Last Updated: October 15, 2009.

In patients with ST-elevation myocardial infarction who are usually excluded from randomized controlled trials, primary percutaneous coronary intervention is associated with a lower rate of in-hospital death than thrombolytic therapy, according to a study in the Oct. 15 issue of the American Journal of Cardiology.

THURSDAY, Oct. 15 (HealthDay News) -- In patients with ST-elevation myocardial infarction who are usually excluded from randomized controlled trials, primary percutaneous coronary intervention is associated with a lower rate of in-hospital death than thrombolytic therapy, according to a study in the Oct. 15 issue of the American Journal of Cardiology.

Oliver Koeth, M.D., of Herzzentrum Ludwigshafen in Germany, and colleagues compared outcomes in 11,806 patients who were eligible for enrollment in trials and 9,369 patients who were deemed ineligible because of age at or above 75 years, prehospital delay of more than 12 hours, prehospital cardiopulmonary resuscitation, cardiogenic shock, impaired renal function, or previous stroke.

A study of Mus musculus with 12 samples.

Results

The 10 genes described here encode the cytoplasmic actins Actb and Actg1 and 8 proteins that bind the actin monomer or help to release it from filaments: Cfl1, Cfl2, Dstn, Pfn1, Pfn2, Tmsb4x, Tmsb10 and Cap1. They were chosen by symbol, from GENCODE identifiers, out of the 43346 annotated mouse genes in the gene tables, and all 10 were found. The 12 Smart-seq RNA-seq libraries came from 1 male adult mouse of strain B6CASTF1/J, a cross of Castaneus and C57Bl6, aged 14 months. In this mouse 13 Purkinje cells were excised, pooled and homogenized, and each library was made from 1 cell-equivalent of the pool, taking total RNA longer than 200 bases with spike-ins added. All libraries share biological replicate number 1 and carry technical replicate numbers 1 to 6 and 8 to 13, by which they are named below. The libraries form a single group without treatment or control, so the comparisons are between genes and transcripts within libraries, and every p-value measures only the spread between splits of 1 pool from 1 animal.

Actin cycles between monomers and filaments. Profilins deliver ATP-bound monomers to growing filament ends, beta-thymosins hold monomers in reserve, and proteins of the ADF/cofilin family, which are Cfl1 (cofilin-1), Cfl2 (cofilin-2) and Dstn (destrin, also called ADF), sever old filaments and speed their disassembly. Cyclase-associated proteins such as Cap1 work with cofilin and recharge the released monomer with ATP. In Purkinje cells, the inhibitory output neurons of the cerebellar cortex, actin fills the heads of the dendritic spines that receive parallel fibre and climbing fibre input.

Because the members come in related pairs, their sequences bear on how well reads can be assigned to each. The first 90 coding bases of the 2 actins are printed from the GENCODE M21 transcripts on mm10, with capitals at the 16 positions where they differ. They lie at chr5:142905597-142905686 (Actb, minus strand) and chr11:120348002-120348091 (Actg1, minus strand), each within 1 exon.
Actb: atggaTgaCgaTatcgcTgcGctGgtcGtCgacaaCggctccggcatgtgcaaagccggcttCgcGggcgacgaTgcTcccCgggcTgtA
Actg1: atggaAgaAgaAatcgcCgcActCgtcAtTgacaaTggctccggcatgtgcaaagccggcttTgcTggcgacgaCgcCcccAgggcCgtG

Compared to eligible patients, the researchers found that ineligible patients had higher rates of in-hospital death (20.1 versus 4.9 percent) and nonfatal strokes (1.5 versus 0.4 percent). They also found that ineligible patients who received early reperfusion therapy had a decreased risk of in-hospital death (odds ratio, 0.62), and that primary percutaneous coronary intervention was associated with the greatest benefit (odds ratio, 0.52).

"Therefore, primary percutaneous coronary intervention seems the preferred reperfusion strategy in these high-risk patients and all efforts should be made to establish a network between hospitals with and without angioplasty facilities to improve hospital and transportation logistics to keep the time loss from admission to primary percutaneous coronary intervention as short as possible," the authors conclude. "However, if primary percutaneous coronary intervention cannot be performed within three hours, thrombolysis is still a valid option."